In its normal state a healthy human brain is constantly active. It’s constantly busy monitoring, adjusting and repairing the body in order to make it function with optimum efficiency. Out of all that activity arises the mind which is also perpetually busy and active in associating, sensing, perceiving, retrieving and storing data in order to keep you alive and well in a competitive and challenging society.

This constant mental activity is one of the biggest obstacles to good focus and concentration.

It can be very difficult to focus and concentrate when thoughts and emotions are always interfering with our attention. But this is the normal way by which the brain and mind work.

If you don't know it by now the brain works and behaves much like a muscle. So to train it you exercise it like you would a regular muscle. The more you exercise it, the stronger it gets.

To most people the brain does not feel as if it's a muscle, it's just an organ in the head that stores memories and enables thinking. But I assure you that with proper guidance and training you will soon discover that it behaves very much like a muscle. As you start to exercise it you will start to feel it. You discover that you can do more things with your brain and mind than you ever thought was possible.

Craig Ramey of the University of Alabama says that the brain and education are almost synonymous. Children need to rehearse in order to learn new skills. Without practice, new skills are lost. If you don't use it you lose it; this is as true for cognitive skills as it is for muscles.

Brain cells, like muscles, need exercise in the form of education or other stimulating experiences to stay healthy. Researchers have found that the brain's great capacity to physically change and become more powerful with experience - once thought to be limited to childhood - remains throughout life.

Mental exercise, scientists are finding, causes physical changes in the brain, strengthening connections between brain cells called synapses and actually building new connections. Such physical changes can occur within seconds, as when we shift attention, or they may take hours or days, as some memories are cast into the biological ingots that last a lifetime.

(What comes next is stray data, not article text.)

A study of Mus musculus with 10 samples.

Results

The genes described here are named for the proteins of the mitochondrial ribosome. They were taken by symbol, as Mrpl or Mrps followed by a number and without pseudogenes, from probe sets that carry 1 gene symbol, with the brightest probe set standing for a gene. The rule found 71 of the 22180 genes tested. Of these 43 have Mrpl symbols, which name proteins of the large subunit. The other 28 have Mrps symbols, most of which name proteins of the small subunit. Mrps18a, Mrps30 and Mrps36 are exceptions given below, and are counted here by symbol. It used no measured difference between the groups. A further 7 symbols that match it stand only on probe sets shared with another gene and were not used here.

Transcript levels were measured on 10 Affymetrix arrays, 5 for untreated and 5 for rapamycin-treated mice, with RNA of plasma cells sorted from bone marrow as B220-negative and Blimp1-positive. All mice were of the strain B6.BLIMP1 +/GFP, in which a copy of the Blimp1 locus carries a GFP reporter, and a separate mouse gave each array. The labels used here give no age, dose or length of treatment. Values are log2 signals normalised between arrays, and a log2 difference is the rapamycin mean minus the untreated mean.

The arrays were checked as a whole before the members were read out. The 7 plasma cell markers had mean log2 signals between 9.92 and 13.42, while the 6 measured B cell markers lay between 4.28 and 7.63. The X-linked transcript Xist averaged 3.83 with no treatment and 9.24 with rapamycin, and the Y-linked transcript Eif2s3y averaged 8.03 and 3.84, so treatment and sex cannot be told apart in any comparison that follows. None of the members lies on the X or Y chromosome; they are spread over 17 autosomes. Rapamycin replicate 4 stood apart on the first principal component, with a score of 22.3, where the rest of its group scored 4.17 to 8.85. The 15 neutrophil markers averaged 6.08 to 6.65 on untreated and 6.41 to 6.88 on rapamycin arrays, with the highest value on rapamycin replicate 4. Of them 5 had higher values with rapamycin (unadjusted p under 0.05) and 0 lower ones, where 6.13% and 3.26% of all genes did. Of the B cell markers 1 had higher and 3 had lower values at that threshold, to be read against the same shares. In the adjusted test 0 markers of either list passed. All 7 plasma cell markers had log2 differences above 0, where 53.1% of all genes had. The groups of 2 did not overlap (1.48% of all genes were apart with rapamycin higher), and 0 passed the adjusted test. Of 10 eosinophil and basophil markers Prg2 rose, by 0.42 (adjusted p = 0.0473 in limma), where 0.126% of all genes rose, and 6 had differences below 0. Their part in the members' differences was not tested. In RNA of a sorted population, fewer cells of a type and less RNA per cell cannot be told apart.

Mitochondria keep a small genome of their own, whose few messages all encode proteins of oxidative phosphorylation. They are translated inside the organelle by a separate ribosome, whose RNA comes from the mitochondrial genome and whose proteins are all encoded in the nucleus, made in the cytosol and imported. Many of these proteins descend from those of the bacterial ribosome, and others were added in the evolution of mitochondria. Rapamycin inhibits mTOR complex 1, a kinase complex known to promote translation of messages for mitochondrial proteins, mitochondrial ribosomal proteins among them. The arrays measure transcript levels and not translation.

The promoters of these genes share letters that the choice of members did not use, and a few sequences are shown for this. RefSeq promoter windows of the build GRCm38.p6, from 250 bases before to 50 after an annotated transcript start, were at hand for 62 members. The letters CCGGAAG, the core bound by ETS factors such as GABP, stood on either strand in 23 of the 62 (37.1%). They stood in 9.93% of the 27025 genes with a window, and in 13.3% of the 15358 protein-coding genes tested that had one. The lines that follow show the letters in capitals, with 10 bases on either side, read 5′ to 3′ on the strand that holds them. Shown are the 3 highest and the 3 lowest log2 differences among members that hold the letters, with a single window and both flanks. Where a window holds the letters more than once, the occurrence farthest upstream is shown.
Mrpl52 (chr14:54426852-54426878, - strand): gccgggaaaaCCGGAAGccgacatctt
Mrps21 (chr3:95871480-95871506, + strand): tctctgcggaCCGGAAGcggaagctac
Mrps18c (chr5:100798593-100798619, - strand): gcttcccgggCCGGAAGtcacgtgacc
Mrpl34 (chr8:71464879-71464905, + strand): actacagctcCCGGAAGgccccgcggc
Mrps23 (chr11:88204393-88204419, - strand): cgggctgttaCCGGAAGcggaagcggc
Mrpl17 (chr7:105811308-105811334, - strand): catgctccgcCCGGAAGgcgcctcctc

Research indicates that certain exercises can build up specific brain areas, and some scientists are setting up programs to use this new knowledge to help learning-disabled children.

The mental patterns you use the most during your lifetime get more and more ingrained, habitual and fixed as you get older. In the terms of brain and mind activity, you become more of the same.

When you use your mind rigorously, the brain grows new dendrites. These are the thin branch-like structures that stimulate and carry information between brain cells. If you work hard on solving logical problems, language and math, you grow dendrites in your left-brain and it gets more connected and becomes more powerful. If you work on solving abstract problems, spatial and emotional you develop your right brain and it grows to become more powerful. If you work hard on solving future related problems, multitasking, planning ahead, prospective memory, meta-cognitive tasks you develop your frontal lobes.

To exercise your body you go to the gym where you have specially made equipment to exercise and train specific muscles. The same goes for your brain. To exercise your brain you use "mental weights" to exercise and train the specific mental muscles you want to develop and make stronger.

Author's Bio: 

Gardar Gardarsson PNLP has been teaching techniques to boost mental focus and improve concentration for over 20 years. He has tought thousands of people simple but powerful techniques to maximize their mental perfomance.